Aboard our 31-foot Hunter, Ragtime, our dinghy was the unsung hero of our cruising escapades. It was always the first thing we deployed upon arrival to a destination, and it was the last thing we packed away before we departed. It was our family Ford, our Honda for the harbor, our Miata of the marina (I’ll see myself out…).
To the untrained eye, a dinghy might appear to be no more than a floating dock cart to tote provisions, pets and people. But as cruisers well know, it’s so much more.
A dinghy is an all-access pass to exploring new coves and reaching short-water fishing spots. It’s a recon vessel for scouting surrounding depth, seafloor terrain and on-shore amenities. And, of course, it’s an escape pod should all hell break loose. A dinghy also provides endless amounts of fun, and even some boathandling education, for the kiddos.
Ragtime’s dinghy was a 9-foot-6-inch Achilles with a 4 hp Mercury outboard. For 13-year-old me, it allowed a real taste of freedom. We named it Cascade (after Scott Joplin’s jubilant rag “The Cascades”). I can still feel the elation of hopping in the dink after dropping the hook in a new port of call and then roaming around the harbor, checking out neighboring boats, scouring the shallows for marine life. When there were no other boats around and the no-wake zones approved of it, I’d tear off on plane in a puff of sea spray to an imagined finish line across the bay.
Our Cascade was state-of-the-art back in the ’90s, but it’s a dinosaur compared with offerings from the modern-day dinghy domain. Today, hybrid designs rule, combining the benefits of inflatable and rigid-hull boats. Lighter-weight materials have enhanced portability and improved fuel efficiency. Some manufacturers offer sail-conversion kits for multipurpose use. (Really, who doesn’t miss dinghy sailing?) Inflation systems have been enhanced; modular options for seating and stowage are often available; and electric propulsion has staked a serious claim in the power department.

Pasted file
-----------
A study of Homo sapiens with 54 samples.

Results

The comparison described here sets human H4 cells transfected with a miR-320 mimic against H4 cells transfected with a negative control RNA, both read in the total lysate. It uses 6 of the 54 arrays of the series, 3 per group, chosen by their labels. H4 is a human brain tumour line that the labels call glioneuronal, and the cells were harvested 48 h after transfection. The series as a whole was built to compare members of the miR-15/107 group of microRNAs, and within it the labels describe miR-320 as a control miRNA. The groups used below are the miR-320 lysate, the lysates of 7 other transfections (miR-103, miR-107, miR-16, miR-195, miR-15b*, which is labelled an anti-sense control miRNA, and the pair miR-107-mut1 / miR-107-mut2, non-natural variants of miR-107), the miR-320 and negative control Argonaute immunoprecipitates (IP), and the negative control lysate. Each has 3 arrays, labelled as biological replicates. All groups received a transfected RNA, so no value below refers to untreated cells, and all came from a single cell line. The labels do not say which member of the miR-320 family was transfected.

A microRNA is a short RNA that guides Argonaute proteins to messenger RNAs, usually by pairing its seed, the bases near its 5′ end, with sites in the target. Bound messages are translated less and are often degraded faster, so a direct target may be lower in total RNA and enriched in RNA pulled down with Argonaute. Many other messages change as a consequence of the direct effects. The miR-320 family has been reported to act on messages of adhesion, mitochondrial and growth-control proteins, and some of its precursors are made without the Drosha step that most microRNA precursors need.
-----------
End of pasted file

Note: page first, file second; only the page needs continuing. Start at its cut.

When the time comes to replace your dinghy or buy your first one, these four standouts in the market are fit to serve any mothership between 25 and 45 feet.
Lammina AL 9.5
If strength and durability are atop your checklist, then the AB Lammina AL 9.5 is worth a look. AB’s line of marine-grade aluminum-hull inflatables comes with AWS certification, Orca 820 Hypalon fabric, and marine-grade aluminum and Axalta powder coating. The Superlight models, available at lengths of 9.5 feet and smaller, have a 0.09-inch-thick aluminum hull and are intended for boats with lighter-capacity davits. The hulls can resist abrasions from rocky shores, coral and sandy beaches, and the design cuts through wakes and chop with minimal pounding, resulting in a dry, stable ride. Check out the well-conceived bow locker and its capacity for a 6-gallon portable fuel tank.
Compact and easy to stow in a cockpit locker, Zodiac’s Cadet series tenders hold their own against larger models. The progressive-diameter buoyancy tube design provides marked stability. Cadets have a longer life span and a high safety level because of a welded float closure and a glued overlap. Owners can choose among several versions. The Aero line, with an inflatable-air sole, is the lightest. The high-performance Aluminum line, with an aluminum sole, has an inflatable keel for quick planing and improved maneuverability. Fitting the slatted sole in the Roll Up line involves inflating buoyancy tubes. Stowage is a cinch; this tender folds up into a carrying bag, with no need to remove the slats.
Classic (CL) 310
In 10 years of manufacturing tenders, the 310 has carved out its niche as Highfield’s bestselling tender size—ideal for as many as five people and up to a 20 hp engine. The standard bow on the CL 310 can stow a 6.5-gallon fuel tank or other equipment. Construction includes 2.5 mm thick, powder-coated marine-grade aluminum, coupled with tubes made of 1100-dtex coated fabric and a full-length keel guard. The optional FCT helm console forward gives the line a pickup-truck quality for long-range cruisers looking to haul gear and groceries. Total weight with the console and a 20 hp motor is about 400 pounds wet, which makes the 310 a solid, stable ride and puts it on a lot of davits. Highfield also makes an Ultralite line for cruisers who need a lighter platform that’s simpler to manage on deck.
If lifesaving situations are high on your mind, then consider the Portland Pudgy. With or without the inflatable lifeboat canopy, the Pudgy is a dynamic lifeboat. It can’t deflate, and it can be sailed, rowed, or motored to safety. The Pudgy is constructed with rotation-molded, high-density compounded polyethylene (the same material used for top-quality whitewater kayaks). It’s stable, difficult to capsize, and easy to right. Closed-cell foam under the sole makes it “unsinkable,” according to the manufacturer. As for recreational use, the Pudgy is a fun family tender, a safe and sea-friendly sailing dinghy, and a great all-around rowboat/motorboat. Under sail, it can take surprisingly rough seas and heavy winds. Choose between a gaff or square-top Marconi sail. Every piece of equipment designed for the Pudgy can be stowed in the interior stowage chambers via five hatches. The Pudgy is US Coast Guard-approved as a dinghy for four people with a 2 hp or 3 hp motor.